Testing Myself & Finding My Career with AmeriCorps

aman1This guest blog was written by AmeriCorps alum Amanpreet “Aman” Kaur, who currently serves as the 2015-2017 Eugene Garfield Resident in Science Librarianship at University of Pennsylvania Libraries (full bio below). This was originally published on the AmeriCorps Alums blog.

As a student, I enjoyed learning about pedagogical techniques and education-related issues related to adolescents. I also dabbled in human development and consumer health and fine-tuned my problem- solving skills through engineering studies. However, I never really had the chance to put all of my skills and degree to the test until AmeriCorps.

In 2013, I volunteered with the Literacy AmeriCorps of Palm Beach County. I coordinated Adult Literacy Services at the Boynton Beach City Library, where I taught adult English, Math, and GED courses, coordinated a tutoring program, provided one-on-one walk-in help, and organized enrichment programs such as field trips, guest speaker presentations, and potlucks for adult learners. Like any other AmeriCorps member, I also did service projects outside of my site.


I learned that there are many pedagogical approaches to literacy education. Students regardless of age want lessons that are relevant and interesting to their lives. Also, literacy isn’t just about reading books. Literacy is about understanding textual, visual, and auditory information. Literacy also includes understanding nutrition labels on the backs of food packages, writing rent checks, navigating the Internet, and recognizing the bias in a newspaper article. Health literacy, personal financial literacy, computer literacy, and information literacy are branches of literacy. Addressing literacy-related issues through providing services, programs, spaces, and resources is the heart of a librarian’s job.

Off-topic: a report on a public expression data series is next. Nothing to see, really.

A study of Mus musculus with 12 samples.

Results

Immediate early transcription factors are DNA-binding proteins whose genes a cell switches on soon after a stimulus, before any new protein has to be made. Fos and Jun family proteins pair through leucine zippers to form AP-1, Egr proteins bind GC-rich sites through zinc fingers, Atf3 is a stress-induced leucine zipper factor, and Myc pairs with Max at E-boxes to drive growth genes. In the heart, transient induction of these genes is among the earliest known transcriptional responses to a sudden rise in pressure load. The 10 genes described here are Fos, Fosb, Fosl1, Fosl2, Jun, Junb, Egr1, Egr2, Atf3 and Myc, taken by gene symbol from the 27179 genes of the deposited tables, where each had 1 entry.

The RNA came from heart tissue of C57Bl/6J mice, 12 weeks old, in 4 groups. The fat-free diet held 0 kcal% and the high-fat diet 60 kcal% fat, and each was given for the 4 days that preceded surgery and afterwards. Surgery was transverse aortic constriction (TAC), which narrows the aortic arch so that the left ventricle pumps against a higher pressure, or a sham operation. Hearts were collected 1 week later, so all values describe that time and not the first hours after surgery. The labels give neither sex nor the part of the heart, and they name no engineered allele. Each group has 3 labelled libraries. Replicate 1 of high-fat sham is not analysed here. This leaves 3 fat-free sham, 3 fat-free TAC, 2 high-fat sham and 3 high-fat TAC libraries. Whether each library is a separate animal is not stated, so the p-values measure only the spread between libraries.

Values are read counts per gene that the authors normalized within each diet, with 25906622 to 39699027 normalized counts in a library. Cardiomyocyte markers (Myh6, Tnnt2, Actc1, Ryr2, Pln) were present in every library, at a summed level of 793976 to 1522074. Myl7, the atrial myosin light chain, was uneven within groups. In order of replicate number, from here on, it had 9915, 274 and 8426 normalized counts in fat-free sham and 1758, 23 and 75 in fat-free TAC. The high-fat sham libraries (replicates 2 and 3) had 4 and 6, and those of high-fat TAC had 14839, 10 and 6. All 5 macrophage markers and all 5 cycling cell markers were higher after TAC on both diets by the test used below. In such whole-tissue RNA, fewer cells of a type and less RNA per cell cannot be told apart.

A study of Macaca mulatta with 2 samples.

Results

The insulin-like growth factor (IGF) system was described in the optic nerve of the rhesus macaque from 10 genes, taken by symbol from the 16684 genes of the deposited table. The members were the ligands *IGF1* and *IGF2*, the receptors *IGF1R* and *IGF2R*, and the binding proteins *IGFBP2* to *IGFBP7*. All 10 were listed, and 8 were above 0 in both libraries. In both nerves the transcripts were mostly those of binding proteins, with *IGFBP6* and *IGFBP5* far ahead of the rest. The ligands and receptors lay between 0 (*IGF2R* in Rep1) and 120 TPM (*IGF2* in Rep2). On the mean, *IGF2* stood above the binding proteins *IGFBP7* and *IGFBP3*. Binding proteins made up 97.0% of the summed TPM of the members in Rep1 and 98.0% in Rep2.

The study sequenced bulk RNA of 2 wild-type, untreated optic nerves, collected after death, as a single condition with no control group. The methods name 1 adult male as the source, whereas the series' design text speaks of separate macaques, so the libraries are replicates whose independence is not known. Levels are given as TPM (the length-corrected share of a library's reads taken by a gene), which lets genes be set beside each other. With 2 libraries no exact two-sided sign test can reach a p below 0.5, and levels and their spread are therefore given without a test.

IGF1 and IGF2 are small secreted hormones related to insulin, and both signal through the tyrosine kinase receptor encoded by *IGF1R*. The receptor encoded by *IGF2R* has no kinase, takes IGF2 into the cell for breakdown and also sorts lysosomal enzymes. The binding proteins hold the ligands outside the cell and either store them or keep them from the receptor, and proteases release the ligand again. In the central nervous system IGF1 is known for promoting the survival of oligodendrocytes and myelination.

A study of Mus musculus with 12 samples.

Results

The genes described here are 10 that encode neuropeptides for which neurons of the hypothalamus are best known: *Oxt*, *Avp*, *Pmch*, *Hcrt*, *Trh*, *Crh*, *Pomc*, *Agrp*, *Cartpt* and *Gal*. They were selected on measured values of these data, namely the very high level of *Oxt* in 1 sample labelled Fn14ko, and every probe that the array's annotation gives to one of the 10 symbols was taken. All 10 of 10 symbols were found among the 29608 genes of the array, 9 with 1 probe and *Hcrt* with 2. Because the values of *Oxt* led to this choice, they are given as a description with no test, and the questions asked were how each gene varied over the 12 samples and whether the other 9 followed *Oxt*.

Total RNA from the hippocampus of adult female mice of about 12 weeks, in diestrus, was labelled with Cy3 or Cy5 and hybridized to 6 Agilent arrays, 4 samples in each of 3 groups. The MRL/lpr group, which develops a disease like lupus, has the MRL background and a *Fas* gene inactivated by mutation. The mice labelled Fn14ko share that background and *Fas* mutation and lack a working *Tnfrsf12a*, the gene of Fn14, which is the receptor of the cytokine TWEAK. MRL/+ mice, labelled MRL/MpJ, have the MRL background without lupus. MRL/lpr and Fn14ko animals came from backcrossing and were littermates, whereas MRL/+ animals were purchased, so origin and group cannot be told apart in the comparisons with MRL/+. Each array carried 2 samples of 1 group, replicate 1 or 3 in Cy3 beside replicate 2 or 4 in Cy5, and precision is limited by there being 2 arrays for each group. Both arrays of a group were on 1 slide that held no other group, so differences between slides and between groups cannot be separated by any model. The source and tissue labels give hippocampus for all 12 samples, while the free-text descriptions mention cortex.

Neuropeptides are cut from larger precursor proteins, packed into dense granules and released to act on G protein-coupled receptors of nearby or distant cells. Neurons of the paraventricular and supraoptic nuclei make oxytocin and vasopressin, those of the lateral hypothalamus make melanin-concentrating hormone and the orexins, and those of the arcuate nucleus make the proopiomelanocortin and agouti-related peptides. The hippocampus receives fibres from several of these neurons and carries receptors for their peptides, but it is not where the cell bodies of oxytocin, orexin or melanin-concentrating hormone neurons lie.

Health information literacy struck a chord with me, because it crossed over with my love for health and wellness education. Incorporating health-related information such as vocabulary and pictures into my lesson plans was easy. My students genuinely enjoyed these lessons, because everyone wants to either maintain or improve their own and/or their loved ones’ health statuses. Students were particularly engaged with lessons related to food. Adolescent students also joined my classes to improve their academic skills in time for the FCAT, a standardized test for Florida K-12 students.

One day, I realized how popular Adult Literacy Services were at the library I served in; it finally clicked that I should get a Master of Library and Information Science (MLIS), a degree required for librarians. I was already doing some of the work that a professional librarian does as far as coordinating and providing programs and services.

By the end of my service, I helped over 200 adolescent and adult students through programs and classes I organized. While taking MLIS courses at Rutgers University, I continued to reflect on my AmeriCorps experiences. With the help of scholarships and the Segal Education Award, I was able to graduate with my MLIS degree in October 2015.


Want to learn more about promoting literacy? Talk to teachers and librarians to understand how literacy-related issues affect your neighborhood. You can help out by educating your loved ones on the importance of literacy initiatives and by fundraising, donating, and volunteering at your local schools, libraries, and nonprofit organizations. I encourage you to learn more and get involved! Feel free to email me at akaur@alumni.iastate.edu, follow @akaur0 on Twitter for more information about my AmeriCorps experience and/or librarianship.

Bio: Amanpreet “Aman” Kaur currently serves as the 2015-2017 Eugene Garfield Resident in Science Librarianship at the University of Pennsylvania Libraries. Prior to obtaining her Master of Library and Information Science from Rutgers University, she served in the 2013-2014 Literacy AmeriCorps of Palm Beach County, where she coordinated Adult Literacy Services at the Boynton Beach City Library and participated in service projects around the county. Before joining AmeriCorps, she obtained a B.S. in Family and Consumer Sciences Education and Studies with a minor in Engineering Studies from Iowa State University and had two internships in Ireland and a student teaching experience in Indonesia. She currently holds a Certificate in Family and Consumer Sciences from the American Association of Family and Consumer Sciences and teaching licenses in Iowa and New Jersey. To view Aman’s complete career profile, visit http://www.tinyurl.com/amankaur.